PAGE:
We Need New Names


Fiction - Audiobook
304 Pages
Reviewed on 07/24/2013
Buy on Amazon


Reviewed by Sheila Trask for Readers' Favorite

A sad and beautiful coming-of-age story of a child and her country, NoViolet Bulawayo’s novel, We Need New Names, takes us to Zimbabwe during the Mugabe era. Here, 10-year-old Darling copes with extreme poverty, hunger, and near-homelessness in her ironically-named shantytown, Paradise. We join the smart, observant Darling and her roving band of friends as they hunt for the best places to steal guavas and play frequent games of “find bin Laden.” Bulawayo’s knowledgeable and empathetic descriptions allow us to feel their hunger but also their friendships. Most of all, we see them becoming adults before their time, as in a wrenching scene where the friends try to figure out how to “get the baby out” of 11-year-old Chipo’s stomach.

Bulawayo looks unflinchingly at harsh economic, racial, family, and personal experiences in Zimbabwe, through Darling’s perceptive eyes. Later in the novel —- which reads more like a series of linked vignettes than an action-filled story -— Darling travels to America to escape the dire situation at home. However, Detroit, Michigan is hardly the answer to all of her problems. In fact, her new home brings new complications, which Bulawayo covers in chapters focused on technology, music, capitalism, violence, and pornography. These later sections feel a little forced, as though the author had a predetermined list of issues to address, though her observations are spot on. A girl who never had enough to eat is appropriately alarmed by an American culture that celebrates a combination of overeating and extreme dieting, for instance.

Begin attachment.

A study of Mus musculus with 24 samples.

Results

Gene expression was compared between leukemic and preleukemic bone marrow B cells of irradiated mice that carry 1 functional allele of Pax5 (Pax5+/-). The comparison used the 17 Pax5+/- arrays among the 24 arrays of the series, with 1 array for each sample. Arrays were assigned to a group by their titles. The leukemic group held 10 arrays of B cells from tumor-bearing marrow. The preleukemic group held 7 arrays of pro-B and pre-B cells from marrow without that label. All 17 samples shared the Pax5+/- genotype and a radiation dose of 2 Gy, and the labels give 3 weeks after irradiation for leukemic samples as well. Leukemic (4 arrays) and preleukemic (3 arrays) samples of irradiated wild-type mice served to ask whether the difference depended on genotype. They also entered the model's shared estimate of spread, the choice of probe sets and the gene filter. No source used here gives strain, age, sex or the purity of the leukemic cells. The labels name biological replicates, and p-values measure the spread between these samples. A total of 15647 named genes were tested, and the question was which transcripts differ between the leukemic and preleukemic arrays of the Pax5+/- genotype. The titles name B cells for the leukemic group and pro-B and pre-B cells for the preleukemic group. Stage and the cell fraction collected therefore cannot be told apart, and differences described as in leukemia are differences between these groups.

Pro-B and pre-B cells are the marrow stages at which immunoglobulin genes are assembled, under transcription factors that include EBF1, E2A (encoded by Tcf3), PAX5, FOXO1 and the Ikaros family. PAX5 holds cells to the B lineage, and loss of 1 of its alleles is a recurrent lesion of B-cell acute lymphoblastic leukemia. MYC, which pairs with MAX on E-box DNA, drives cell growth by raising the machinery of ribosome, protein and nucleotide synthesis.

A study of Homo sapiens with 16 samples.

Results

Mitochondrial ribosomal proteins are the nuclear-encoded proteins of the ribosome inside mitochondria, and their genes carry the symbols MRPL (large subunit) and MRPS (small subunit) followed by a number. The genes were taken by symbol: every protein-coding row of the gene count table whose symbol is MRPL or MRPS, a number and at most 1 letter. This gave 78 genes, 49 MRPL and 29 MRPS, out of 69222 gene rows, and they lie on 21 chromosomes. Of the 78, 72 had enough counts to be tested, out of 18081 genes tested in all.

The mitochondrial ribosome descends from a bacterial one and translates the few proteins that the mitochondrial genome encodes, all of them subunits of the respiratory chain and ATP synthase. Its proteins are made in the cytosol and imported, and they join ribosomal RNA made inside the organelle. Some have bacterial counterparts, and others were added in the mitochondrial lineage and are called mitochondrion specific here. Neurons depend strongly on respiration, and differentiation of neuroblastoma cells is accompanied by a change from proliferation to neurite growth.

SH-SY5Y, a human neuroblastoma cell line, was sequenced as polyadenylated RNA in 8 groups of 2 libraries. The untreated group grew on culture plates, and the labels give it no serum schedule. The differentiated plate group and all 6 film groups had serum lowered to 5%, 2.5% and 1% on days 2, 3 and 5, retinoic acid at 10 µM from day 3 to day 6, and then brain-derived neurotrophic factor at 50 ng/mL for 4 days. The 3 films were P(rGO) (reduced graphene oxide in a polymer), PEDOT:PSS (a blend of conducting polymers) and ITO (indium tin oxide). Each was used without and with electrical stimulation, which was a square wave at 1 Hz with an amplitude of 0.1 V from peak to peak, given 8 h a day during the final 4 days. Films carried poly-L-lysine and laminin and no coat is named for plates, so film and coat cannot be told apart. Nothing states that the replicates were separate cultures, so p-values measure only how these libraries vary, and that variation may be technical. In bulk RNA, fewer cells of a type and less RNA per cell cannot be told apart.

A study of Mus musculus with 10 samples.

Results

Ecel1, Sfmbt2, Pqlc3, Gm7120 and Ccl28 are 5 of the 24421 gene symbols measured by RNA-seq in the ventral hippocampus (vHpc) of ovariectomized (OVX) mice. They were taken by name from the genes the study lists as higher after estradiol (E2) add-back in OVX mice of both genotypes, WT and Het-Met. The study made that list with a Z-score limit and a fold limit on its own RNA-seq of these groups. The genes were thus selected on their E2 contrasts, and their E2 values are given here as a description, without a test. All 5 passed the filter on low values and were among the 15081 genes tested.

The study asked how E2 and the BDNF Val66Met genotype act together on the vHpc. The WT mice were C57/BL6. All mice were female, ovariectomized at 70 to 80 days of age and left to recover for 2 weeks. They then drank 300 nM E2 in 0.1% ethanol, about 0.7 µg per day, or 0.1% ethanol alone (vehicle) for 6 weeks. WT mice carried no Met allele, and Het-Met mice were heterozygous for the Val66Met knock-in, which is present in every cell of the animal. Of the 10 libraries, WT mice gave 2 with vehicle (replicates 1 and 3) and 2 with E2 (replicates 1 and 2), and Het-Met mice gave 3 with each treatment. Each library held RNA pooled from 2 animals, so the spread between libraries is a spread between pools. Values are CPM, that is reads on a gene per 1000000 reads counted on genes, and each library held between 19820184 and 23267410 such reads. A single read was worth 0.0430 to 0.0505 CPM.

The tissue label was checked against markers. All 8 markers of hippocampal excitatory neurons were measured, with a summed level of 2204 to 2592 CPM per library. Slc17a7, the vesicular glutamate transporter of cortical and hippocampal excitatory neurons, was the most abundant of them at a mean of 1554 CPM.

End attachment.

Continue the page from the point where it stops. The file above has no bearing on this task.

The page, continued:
Lyrical at times, no reader will forget Darling’s first experience of the Michigan snow that came silently to swallow everything up with its whiteness. We Need New Names is not a speedy read. Darling takes her time expressing herself, and there is no anticipation of crisis to create momentum. Readers will, however, appreciate Bulawayo’s unique voice, her cross-cultural comparisons, and the compassion with which she portrays one girl’s international journey toward womanhood.